Latif Al Ani posing with his camera in Iraq.

Exhibition Banner for Through the Lens

Exhibition Lecture: Artists in Conversation

Adel Abidin, Nadine Hattom, Hanaa Malallah, Mahmoud Obaidi, and Walid Siti

This lecture will take place online; a Zoom link will be provided via email to registered participants.

Registration is required at THIS LINK.

Please join us as Roberta Casagrande-Kim, Co-curator of ISAW’s Through the Lens: Latif Al Ani’s Visions of Ancient Iraq exhibition, hosts a conversation with artists Adel Abidin, Nadine Hattom, Hanaa Malallah, Mahmoud Obaidi, and Walid Siti as they discuss the genesis of this project. The artists will address the themes of the exhibition, discuss their works in relation to Latif Al Ani's pictures and Nineteenth century excavation practices, and evaluate the role of art in the depiction and understanding of ancient Iraq.

Adel Abidin is an Iraqi multi-media artist who received his BA in painting at the Academy of Fine Arts in Baghdad (2000), before leaving to Finland to earn his MFA in time and space arts at the Academy of Fine Arts, Helsiniki (2005). Currently living between Helsinki and Amman, Jordan, his work explores the complex interrelationships between visual arts, politics, and identity.

Nadine Hattom is an Iraqi-Australian artist born in Baghdad to a Mandaean (an ethno-religious group from southern Iraq) family. Her family emigrated to United Arab Emirates shortly after the Iran-Iraq War (1980–1988) began, where they stayed for nine years before moving to Australia. She now lives and works in Berlin. Working with photography and sculpture Hattom’s work is an exploration of space and place, unravelling narratives of migration, region, representation, landscape and nature

Hanaa Malallah was born in Dhi Qar Governate on the fringes of the ancient city of Ur. An early interest in archaeology and art led her to study at the Academy of Fine Arts in Baghdad, where she received her doctorate in the philosophy of painting in ancient Mesopotamia. Malallah’s background in both art and archaeology provides her with a unique insight on archaeological practice and cultural heritage in Iraq. Malallah left Iraq in 2006, and now lives in exile in London alongside other Iraqi artists. Her current work focuses on the theme of “ruination” and explores her personal perspectives of the ancient and modern ruins in the landscape of Iraq. She sees ruins not as inert traces of the past, but as living landscapes that shape the present and future. Ancient ruins are imbued with vitality, inspiring rejuvenation and transformation through a glorious past. In contrast, modern rubble is traumatic: embodying the chaos and destruction of recent conflicts. These contradictory states are in a constant dialogue that can be used to engage Iraqi people with their heritage. This leads Malallah to beg the question, Can ruins not only act as windows to the past, but also to a hopeful future for Iraq?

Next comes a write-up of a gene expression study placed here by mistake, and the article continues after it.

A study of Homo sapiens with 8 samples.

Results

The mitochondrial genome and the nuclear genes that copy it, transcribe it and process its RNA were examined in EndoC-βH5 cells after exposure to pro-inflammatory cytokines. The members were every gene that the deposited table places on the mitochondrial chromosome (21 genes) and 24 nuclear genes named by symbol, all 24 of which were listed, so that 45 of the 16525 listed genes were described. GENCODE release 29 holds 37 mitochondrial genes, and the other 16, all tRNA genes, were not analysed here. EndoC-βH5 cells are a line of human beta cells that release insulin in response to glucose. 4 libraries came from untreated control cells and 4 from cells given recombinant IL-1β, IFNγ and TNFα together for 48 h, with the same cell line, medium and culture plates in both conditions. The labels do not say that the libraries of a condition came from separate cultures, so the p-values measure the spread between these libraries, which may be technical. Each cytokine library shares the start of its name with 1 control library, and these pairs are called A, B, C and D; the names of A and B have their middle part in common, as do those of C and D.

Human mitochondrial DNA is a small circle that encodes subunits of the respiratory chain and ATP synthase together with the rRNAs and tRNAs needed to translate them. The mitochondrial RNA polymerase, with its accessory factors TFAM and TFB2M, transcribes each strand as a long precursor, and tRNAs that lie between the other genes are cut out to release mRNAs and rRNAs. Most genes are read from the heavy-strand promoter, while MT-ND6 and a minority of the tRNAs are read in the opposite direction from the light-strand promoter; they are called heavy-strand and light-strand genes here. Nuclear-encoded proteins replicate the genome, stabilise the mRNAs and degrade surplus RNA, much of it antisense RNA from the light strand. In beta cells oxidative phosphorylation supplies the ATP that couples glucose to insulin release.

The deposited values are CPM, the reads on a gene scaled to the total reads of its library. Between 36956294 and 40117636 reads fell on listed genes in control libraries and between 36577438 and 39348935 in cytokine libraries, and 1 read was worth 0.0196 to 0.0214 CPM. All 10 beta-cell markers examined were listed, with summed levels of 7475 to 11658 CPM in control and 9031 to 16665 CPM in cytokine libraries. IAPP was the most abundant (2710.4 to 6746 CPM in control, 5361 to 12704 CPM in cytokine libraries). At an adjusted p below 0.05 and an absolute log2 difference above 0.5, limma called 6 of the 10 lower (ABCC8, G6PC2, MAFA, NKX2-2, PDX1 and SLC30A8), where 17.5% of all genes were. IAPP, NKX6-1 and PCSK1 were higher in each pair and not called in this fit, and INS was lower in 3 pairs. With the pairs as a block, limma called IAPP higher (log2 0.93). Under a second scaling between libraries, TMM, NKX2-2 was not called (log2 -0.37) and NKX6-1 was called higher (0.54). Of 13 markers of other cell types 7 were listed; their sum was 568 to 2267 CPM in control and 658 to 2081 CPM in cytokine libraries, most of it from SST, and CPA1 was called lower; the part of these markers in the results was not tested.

Mahmoud Obaidi is an Iraqi-Canadian artist, who received his BA in Fine Art at the Academy of Fine Arts in Baghdad in 1990. The following year, he left Iraq and spent a number of years without a permanent home, travelling around the world, eventually landing in Doha and Beirut where he currently lives and works. The invasion of Iraq in 2003 was a watershed moment for Obaidi, where he witnessed the destruction of the Baghdad—his home for much of his life. From that moment, he saw how Iraq’s story became written by Americans (rather than Iraqis) and it represented the death of his ability and desire to return to his country.

Walid Siti grew up in Dohuk, Iraqi Kurdistan. His father had communist leanings and a strong sense of social justice—an upbringing that instilled in Siti the same sense. Siti’s work often encourages the viewer to consider disenfranchised groups or those how have been forgotten or silenced. He left Iraq in 1976, only a few years before Saddam Hussein’s rise to power in 1979, and eventually settled in London in 1984, where he remains today.

This lecture is given in conjunction with ISAW's exhibition Through the Lens: Latif Al Ani’s Visions of Ancient Iraq. This exhibition and its accompanying catalogue were made possible by generous support from the Violet Jabara Charitable Trust and the Leon Levy Foundation. Additional funding was provided by Joyce F. Menschel and Mr. and Mrs. Lawrence Tucker.